Study: Rural Poor Often Segregated in High-Poverty Areas
By Beth Potier, Media Relations
November 19, 2008
One-half of rural poor are segregated in high-poverty areas, finds a new policy brief co-published by the Carsey Institute at UNH and Rural Realities, a publication of the Rural Sociological Society. The brief, “Concentrated Rural Poverty and the Geography of Exclusion,” highlights the challenges faced by America’s rural poor, particularly as they are physically and socially isolated from middle-class communities that might offer economic opportunities.
“When they are segregated in high-poverty areas, rural poor are doubly disadvantaged: They have many unmet needs but live in communities lacking the resources to meet them,” says Carsey Institute senior fellow Daniel Lichter, who co-authored the report with Domenico Parisi, director of the National Strategic Planning & Analysis Research Center at Mississippi State University. Lichter is also Ferris Family Professor in the Department of Policy Analysis and Management at Cornell University.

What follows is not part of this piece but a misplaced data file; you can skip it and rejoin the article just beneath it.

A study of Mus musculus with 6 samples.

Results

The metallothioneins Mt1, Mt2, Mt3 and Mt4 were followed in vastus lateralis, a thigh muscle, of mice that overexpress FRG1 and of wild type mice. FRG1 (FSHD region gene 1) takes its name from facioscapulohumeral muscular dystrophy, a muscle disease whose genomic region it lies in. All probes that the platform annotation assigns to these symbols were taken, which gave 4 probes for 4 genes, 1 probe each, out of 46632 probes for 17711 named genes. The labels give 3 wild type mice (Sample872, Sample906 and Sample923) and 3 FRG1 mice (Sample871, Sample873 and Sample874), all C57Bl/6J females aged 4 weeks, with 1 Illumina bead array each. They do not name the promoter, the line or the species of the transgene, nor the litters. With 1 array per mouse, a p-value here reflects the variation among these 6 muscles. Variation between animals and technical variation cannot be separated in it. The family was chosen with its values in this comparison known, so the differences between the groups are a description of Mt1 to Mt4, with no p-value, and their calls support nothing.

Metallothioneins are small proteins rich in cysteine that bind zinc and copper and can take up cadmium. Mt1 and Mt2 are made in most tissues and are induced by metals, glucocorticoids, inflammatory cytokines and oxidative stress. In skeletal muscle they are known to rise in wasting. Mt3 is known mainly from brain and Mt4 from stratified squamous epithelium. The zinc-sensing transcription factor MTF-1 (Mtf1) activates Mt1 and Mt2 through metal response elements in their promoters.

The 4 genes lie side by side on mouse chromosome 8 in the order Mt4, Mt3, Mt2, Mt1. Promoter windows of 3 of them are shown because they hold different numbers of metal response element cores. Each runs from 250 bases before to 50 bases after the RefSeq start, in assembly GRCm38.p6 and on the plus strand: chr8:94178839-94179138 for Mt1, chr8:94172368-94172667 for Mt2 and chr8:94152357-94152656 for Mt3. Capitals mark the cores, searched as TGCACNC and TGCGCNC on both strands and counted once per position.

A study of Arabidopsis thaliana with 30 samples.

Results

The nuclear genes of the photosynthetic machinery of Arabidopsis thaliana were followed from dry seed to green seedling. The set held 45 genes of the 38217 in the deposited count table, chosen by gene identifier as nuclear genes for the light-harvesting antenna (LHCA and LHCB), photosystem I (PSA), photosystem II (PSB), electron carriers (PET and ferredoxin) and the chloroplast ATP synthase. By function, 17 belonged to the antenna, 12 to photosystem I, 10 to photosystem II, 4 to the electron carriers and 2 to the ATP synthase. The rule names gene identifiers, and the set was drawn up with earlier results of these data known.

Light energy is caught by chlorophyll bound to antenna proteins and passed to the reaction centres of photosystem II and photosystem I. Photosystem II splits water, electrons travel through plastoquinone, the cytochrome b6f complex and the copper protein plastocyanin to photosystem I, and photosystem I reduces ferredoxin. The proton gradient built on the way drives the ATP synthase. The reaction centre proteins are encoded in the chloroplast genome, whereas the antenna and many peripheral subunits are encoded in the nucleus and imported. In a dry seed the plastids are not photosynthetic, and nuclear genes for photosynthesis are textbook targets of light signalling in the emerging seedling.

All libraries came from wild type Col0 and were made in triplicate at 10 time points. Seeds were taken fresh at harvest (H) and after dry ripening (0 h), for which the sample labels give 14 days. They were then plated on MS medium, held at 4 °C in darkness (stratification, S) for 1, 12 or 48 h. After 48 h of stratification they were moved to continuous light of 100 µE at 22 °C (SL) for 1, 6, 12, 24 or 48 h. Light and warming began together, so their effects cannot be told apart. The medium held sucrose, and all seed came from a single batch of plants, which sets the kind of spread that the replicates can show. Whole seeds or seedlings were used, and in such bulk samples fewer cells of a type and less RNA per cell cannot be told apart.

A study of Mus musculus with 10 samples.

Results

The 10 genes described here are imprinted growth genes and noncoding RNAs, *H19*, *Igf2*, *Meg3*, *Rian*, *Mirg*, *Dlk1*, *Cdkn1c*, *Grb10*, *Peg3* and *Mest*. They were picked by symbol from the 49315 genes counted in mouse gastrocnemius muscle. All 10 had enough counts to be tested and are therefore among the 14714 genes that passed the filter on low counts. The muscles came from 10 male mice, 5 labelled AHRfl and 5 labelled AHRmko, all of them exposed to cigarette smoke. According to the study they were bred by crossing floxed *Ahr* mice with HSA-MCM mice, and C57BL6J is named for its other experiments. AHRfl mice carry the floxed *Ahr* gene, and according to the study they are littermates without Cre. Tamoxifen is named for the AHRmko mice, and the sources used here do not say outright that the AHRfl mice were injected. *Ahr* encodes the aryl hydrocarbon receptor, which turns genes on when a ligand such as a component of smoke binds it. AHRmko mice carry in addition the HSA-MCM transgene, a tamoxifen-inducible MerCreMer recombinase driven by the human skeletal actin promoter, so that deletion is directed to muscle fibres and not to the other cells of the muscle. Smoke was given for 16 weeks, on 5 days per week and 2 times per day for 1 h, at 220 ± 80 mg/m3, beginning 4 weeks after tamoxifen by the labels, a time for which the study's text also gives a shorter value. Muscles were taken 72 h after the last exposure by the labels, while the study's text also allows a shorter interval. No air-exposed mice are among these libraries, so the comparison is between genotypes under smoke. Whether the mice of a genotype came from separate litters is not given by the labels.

Rates of segregation between poor and non-poor are particularly high among rural racial minorities. Three-fourths of rural blacks and two-thirds of rural Hispanics are segregated from America’s more affluent, largely white populations.
The authors present a number of policy strategies, including the need for affordable housing in mixed-income neighborhoods, reducing housing discrimination, and promoting place-based solutions to poverty and low income.
The full brief, which is based on a paper by the authors and published in the Cambridge Journal of Regions, Economy and Society, can be downloaded at http://carseyinstitute.unh.edu/publications/PB-Lichter-Parisi.pdf.
Rural Realitiesis a publication of the Rural Sociological Society (RSS). Its purpose is to provide valuable insights on the current and emerging issues impacting people and places in rural America and beyond, and to offer policy and program options that might prove effective in addressing important rural challenges and opportunities. Articles showcased in the series draw upon high quality social sciences-based studies conducted by researchers and practitioners located within universities/colleges, government, philanthropic, and nonprofit organizations.